The crypto conversation in Russia has been rich this year. In January, government officials began to seriously weigh the value and risks present in the industry. Discussions about the usefulness of a state stablecoin, crypto mining, crypto as payments and more have started to take off. This in turn led to an agreement among officials to create a crypto regulatory roadmap.
Adding to the conversation in a major way is the country’s decision to invade neighboring Ukraine. While the latter fought more battles against military might than expected, Russia likely exploited more manpower and resources than it needed. The country has also been economically affected, if only temporarily, by ongoing US and EU sanctions.
Some in the country see crypto as a way to achieve economic prosperity. Using Russia’s vast reserves of non-renewable energy for crypto mining can and has led to profitable production, for example. Just last month, the country struck deals with private Russian crypto-mining companies to supply power for mining. Although Putin supported crypto for these same reasons, he signs a bill that seems like a big step backwards.
Russia bans crypto payments and criticizes stablecoins
Putin is getting bullish on the crypto mining industry. One might therefore expect the Russian leader to soften his stance on other aspects of crypto. However, as Russia bans crypto payments, it seems unlikely that the country will ever embrace the home use market.
Earlier today, Putin signed into law a bill banning the use of cryptocurrency as a form of payment. According to reports, the draft law establishes “the ban on the introduction of other currency units or currency substitutes into the territory of the Russian Federation.”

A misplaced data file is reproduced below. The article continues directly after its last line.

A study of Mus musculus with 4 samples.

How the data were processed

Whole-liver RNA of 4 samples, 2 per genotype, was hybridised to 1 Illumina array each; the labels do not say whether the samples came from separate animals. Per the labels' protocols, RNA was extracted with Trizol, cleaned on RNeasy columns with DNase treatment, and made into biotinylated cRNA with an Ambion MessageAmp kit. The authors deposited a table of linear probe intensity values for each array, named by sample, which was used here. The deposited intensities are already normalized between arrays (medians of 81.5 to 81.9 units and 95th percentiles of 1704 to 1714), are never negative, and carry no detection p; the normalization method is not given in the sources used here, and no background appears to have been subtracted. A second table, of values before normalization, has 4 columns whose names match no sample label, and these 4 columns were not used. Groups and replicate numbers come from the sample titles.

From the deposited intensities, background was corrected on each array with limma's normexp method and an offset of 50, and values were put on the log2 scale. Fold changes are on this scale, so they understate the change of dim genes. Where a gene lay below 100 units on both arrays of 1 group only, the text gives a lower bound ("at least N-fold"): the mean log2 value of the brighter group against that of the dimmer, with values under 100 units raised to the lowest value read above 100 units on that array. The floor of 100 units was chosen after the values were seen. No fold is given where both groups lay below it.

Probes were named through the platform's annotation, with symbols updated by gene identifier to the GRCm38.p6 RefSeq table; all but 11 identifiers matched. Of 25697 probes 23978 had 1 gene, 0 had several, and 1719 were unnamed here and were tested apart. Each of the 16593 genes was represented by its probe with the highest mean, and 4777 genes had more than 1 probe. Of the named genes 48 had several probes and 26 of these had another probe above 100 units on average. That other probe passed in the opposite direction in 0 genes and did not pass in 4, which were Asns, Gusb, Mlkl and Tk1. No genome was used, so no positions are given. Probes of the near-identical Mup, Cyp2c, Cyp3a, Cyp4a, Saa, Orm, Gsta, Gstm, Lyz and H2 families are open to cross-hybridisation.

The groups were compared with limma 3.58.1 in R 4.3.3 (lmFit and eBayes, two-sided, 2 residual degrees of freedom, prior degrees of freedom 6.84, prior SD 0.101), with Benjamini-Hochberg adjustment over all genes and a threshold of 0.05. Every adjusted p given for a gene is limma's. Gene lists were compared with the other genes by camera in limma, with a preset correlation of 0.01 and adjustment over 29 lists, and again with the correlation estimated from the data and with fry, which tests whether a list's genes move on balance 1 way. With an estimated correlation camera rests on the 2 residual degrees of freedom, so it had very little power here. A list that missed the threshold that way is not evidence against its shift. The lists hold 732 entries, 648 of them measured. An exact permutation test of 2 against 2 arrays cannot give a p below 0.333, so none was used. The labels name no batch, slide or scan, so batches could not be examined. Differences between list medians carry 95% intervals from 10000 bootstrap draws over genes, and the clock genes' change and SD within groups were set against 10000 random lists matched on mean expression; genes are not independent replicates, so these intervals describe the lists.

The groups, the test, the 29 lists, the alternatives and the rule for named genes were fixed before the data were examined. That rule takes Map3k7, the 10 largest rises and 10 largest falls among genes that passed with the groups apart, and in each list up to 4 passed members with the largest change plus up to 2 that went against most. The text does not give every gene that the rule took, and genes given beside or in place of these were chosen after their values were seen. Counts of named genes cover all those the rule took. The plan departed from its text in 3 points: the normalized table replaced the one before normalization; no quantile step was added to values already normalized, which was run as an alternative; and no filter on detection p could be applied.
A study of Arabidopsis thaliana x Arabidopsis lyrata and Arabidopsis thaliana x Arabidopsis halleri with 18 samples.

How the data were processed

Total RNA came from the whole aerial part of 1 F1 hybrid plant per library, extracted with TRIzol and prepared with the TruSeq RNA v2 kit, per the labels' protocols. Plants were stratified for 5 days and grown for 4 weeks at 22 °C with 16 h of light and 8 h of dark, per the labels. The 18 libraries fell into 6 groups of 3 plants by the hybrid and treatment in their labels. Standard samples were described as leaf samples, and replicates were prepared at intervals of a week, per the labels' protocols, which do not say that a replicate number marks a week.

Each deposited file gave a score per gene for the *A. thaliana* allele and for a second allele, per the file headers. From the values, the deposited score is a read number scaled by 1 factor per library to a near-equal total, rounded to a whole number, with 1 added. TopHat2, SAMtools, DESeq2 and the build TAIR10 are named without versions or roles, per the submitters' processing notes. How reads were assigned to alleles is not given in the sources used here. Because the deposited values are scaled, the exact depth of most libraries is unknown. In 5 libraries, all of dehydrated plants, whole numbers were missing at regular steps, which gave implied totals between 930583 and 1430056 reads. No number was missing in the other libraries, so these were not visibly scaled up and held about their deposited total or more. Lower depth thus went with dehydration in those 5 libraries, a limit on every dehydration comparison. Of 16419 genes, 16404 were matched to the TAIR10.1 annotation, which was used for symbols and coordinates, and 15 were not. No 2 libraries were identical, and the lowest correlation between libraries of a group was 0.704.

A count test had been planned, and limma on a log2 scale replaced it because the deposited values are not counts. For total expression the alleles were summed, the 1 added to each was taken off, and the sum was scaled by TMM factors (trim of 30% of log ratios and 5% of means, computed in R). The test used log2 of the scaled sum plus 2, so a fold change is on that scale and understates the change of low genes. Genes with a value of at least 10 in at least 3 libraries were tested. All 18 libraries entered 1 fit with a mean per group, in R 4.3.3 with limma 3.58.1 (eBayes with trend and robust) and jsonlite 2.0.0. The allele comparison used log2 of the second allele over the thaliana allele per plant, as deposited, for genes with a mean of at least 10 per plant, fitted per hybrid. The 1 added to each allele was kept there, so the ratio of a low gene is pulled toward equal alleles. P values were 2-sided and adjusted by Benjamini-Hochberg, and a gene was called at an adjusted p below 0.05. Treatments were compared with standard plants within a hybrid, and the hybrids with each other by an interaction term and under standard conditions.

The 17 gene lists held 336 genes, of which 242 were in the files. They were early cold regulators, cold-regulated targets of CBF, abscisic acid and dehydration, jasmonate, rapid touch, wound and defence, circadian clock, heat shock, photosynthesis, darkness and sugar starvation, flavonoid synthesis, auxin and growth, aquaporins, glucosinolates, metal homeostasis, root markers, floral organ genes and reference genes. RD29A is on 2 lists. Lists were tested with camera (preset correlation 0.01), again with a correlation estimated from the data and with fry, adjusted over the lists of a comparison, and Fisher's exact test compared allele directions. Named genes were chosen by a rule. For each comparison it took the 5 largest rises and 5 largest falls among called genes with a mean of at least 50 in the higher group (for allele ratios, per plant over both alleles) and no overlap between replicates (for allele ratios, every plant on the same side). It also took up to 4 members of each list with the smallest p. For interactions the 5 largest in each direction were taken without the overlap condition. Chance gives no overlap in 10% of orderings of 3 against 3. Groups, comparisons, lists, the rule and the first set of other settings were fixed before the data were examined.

This wording also negates the potential for a Russian stablecoin, thus killing two huge potential areas for crypto expansion in the country at once.
The Bank of Russia certainly has no qualms about this implicit prohibition. This week, representatives said stablecoins were high risk and not so stable. They say that since the underlying assets do not belong to the stablecoin holder, “repayment at the nominal price of the collateral assets is not guaranteed, and the price of a stablecoin is not actually stable.”
Putin’s decision to sign the bill might be a little confusing to some. Indeed, Russia still embraces crypto mining with open arms. The Bank of Russia is support the legalization of mining activities. However, he wants to force miners to sell their assets overseas using fiat currencies other than the ruble. Governor Elvira Nabiullina’s comments that activity should not “penetrate” the Russian financial system. It seems that this activity is only welcome because it does not put any Russians at risk with its volatility.
As of the date of publication, Brenden Rearick had no position (directly or indirectly) in the securities mentioned in this article. The opinions expressed in this article are those of the author, subject to InvestorPlace.com publishing guidelines.